Stocks were trading lower on Monday after opening with a gain, as the government paved the way for possible nationalization of troubled banks.


The U.S. Department of the Treasury, the Federal Deposit Insurance Corporation, the Office of the Comptroller of the Currency, the Office of Thrift Supervision, and the Federal Reserve Board today issued a joint statement today which said that the government will implement its Capital Assurance Program on Feb. 25 and describes how a temporary nationalization could occur.


Banks which fail the government's new stress-tests will be provided capital in the form of mandatory convertible preferred shares, which would be converted into common equity shares only as needed over time to keep banks in a well-capitalized position, a provision which explicitly allows for nationalization.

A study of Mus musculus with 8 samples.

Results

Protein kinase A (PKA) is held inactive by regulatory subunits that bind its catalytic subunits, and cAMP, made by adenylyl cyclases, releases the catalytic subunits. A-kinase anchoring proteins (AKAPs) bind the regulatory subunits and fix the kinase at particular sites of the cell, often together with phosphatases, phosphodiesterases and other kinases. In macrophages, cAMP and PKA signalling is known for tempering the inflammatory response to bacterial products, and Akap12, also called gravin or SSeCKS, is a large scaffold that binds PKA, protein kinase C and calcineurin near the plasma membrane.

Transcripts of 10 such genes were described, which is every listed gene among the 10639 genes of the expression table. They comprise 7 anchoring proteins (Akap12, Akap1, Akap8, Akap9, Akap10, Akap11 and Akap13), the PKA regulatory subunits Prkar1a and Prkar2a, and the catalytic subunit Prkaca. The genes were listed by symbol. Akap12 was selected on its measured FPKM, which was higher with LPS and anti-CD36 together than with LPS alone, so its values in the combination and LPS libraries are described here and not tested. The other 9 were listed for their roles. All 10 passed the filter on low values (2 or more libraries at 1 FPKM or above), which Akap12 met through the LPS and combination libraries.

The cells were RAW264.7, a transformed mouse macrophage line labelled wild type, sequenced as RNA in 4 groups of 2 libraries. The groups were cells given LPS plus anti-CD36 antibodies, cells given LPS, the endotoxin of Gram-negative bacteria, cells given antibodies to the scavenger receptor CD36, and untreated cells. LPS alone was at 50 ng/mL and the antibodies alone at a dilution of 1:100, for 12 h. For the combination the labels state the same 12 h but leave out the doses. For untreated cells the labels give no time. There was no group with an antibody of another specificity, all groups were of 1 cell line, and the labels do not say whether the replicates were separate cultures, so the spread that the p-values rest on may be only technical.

Regarding cash injections which have already been made under the TARP, those funds will also be eligible to be exchanged for the mandatory convertible preferred shares.


In recent trade, the DOW was moving lower by 2.30%. The broader S&P 500 was lower by 2.54% and the NASDAQ by 2.69%. The XLF financial sector ETF was lower by 1.34%.


The dollar, which had gained overnight, was recently trading mostly higher on the day with a 0.66% gain on the euro, a 1.41% move up on the yen and a 0.23% gain against Australia's currency as it lost 0.55% to the pound.


Crude for March delivery was recently moving lower by $1.03 (-2.62%) to $38.97 per barrel.


Gold for April delivery was lower by $5.30 (-0.53%) to $996.50 per ounce as traders took a bit of the recent profits out.